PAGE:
As protestors clamor for the release of body camera footage of a forceful arrest of a teen in Troy last month, District Attorney Tom Anderson says the decision is entirely up to the city.

“There’s nothing required in the law to maintain body cam video,” Anderson said. “There’s nothing in any circumstance that would require them to release it.”

The protests come after the Troy Police Department used physical force during the arrest of 17-year-old Ulysses Wilkerson III on the night before Christmas Eve. Police say they saw Wilkerson emerge from behind a closed building downtown and stopped to contact him, but he fled and then struggled with officers when they attempted to subdue him.

Anderson previously confirmed that audio and video footage was captured by at least one body camera. Thursday he said that there are multiple videos of the incident.

Anderson said police in Alabama aren’t required by the law to wear body cameras at all, much less release the footage to the public, saying that the footage is not technically considered a public record.

Instead, Anderson said it is up to city ordinance and policies to set the standards for whether body cams are worn and how any footage from them is handled.

Further complicating this particular issue, Anderson said, is the fact that Wilkerson is a juvenile.

“That would cause some issues unless the family expressly waives it,” Anderson said. “There are laws that protect the confidentiality of these cases.”

The family identified Wilkerson within days of the incident, sharing photos of his injuries on social media that quickly went viral. They also identified him in a public statement Friday, Dec. 29, and called for the police to give them answers and release evidence in the case.

Kenneth Glasgow, an advocate that spoke on behalf of the family at a press conference last Friday, delivered an ultimatum to city and police department officials to release the body camera footage by Friday, January 5, or he would call a “national rally” to be held that would block U.S. Highway 231. Glasgow said Thursday that the rally would only be declared on Friday and would not be held immediately.

The Troy police department has handed over the investigation to the State Bureau of Investigation.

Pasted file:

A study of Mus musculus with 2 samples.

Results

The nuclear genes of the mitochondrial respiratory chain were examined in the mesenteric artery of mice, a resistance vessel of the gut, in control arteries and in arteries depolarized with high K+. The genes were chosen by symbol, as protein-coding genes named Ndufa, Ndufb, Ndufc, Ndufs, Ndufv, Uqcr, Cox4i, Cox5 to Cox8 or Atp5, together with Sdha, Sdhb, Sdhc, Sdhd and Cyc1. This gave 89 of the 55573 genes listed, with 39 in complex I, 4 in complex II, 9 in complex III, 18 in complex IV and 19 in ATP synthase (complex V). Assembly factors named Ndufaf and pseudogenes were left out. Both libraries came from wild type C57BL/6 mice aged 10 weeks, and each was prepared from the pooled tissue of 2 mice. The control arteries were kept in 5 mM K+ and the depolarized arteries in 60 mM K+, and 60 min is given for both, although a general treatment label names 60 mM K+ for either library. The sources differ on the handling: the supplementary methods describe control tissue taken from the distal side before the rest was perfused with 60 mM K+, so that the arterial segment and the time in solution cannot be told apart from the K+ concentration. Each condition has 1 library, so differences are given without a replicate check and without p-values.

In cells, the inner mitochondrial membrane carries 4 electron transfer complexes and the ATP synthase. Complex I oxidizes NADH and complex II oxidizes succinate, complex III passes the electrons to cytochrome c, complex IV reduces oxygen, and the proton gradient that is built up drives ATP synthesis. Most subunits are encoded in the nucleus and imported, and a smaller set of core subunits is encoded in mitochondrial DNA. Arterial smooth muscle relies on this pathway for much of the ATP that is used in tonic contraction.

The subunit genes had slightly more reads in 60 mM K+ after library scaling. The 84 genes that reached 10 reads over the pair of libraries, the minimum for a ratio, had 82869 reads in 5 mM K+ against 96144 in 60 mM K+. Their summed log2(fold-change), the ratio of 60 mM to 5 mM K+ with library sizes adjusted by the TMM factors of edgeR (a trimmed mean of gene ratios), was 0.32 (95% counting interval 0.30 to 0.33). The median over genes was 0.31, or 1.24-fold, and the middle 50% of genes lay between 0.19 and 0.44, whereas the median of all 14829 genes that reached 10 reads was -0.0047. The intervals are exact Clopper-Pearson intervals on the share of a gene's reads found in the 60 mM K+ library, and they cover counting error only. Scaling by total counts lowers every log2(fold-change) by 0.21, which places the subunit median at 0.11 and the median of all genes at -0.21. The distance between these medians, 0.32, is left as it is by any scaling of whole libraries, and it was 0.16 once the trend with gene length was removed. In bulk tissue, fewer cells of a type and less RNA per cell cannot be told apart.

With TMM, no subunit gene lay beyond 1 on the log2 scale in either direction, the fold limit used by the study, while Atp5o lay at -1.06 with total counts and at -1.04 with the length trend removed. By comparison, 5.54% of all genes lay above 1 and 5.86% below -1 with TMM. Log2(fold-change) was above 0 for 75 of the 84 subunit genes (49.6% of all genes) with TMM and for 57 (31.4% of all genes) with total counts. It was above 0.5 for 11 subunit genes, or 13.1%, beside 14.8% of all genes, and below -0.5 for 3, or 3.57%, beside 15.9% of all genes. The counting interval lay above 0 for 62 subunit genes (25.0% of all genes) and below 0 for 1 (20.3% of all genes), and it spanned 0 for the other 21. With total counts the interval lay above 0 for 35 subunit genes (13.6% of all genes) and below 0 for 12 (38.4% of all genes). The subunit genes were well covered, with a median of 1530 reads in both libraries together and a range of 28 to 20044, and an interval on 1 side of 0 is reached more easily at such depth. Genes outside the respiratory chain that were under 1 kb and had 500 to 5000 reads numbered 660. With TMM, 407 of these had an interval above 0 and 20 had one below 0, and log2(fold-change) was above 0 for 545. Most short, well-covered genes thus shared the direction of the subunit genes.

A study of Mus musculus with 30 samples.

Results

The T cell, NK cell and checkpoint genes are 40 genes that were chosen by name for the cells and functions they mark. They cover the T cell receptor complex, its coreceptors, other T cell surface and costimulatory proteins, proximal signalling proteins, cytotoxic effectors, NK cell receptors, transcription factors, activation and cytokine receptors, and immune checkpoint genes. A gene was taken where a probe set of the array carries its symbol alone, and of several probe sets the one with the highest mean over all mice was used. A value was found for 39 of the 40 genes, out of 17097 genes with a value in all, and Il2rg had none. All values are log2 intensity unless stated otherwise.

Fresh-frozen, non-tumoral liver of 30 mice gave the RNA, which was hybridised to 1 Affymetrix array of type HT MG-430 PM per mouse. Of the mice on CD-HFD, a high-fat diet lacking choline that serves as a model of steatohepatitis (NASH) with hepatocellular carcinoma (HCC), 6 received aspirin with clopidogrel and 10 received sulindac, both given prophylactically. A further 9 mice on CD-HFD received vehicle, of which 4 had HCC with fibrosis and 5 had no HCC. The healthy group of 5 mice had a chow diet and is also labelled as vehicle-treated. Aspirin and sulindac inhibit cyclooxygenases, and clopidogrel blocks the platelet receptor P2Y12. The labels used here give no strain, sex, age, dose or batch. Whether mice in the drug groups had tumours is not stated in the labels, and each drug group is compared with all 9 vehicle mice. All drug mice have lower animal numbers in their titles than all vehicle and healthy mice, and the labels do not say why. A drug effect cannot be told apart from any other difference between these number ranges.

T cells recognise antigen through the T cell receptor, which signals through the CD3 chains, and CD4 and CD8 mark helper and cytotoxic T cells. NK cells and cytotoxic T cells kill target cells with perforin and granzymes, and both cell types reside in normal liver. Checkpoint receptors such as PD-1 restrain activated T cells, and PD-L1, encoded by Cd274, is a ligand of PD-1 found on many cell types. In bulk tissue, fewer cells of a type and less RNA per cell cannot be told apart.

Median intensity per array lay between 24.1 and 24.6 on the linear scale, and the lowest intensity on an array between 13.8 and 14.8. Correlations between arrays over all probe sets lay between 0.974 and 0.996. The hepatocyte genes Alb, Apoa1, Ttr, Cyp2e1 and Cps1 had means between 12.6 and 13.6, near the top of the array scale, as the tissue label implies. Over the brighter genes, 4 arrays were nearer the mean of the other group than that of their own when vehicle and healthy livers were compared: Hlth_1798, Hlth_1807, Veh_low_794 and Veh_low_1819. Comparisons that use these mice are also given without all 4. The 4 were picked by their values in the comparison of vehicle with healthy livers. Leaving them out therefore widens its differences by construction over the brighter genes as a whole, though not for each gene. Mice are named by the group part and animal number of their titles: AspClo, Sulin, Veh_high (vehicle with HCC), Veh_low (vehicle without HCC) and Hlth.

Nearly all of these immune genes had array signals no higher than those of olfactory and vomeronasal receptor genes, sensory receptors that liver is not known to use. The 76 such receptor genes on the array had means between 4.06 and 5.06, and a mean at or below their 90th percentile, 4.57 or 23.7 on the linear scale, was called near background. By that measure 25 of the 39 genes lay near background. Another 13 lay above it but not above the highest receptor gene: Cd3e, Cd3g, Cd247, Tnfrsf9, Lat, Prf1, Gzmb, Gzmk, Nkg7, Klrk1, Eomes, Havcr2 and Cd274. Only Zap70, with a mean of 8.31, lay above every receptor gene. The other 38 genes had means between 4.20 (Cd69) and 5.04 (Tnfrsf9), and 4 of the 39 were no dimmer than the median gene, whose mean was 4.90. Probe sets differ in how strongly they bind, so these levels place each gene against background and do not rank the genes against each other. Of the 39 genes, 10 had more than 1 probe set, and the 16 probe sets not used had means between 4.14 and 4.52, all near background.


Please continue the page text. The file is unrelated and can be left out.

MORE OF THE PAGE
Troy Police Chief Randall Barr called the use of force “reasonable and justified.”

“Officers were able to apprehend the suspect on Madison Street, but he resisted arrest and refused to comply with commands from the officers to place his hands behind his back,” Barr said.

“The subject continued to struggle with officers and kept reaching toward his waistband as if he was attempting to access a weapon, all while repeatedly ignoring officers’ commands to stop resisting and give them his hands.”

Wilkerson was transported to Troy Regional Medical Center and then to UAB for treatment of his injuries, which his family said includes his left orbital socket being fractured in three places.

Barr said officers retraced the path taken during the pursuit and found a handgun lying on the ground, which has now been taken in as evidence.

Wilkerson was charged with obstruction of governmental operations and resisting arrest, both misdemeanors. Barr has confirmed that the charges have not been dropped.

SBI officer Heath Carpenter said in a release that SBI officials will not release any further information until the investigation is complete.

“In order to protect the juvenile involved and the integrity of the investigation, no additional information will be released by SBI until this investigation is closed,” he said. “The completed investigation will be turned over to Pike County District Attorney Tom Anderson for presentation to a grand jury.”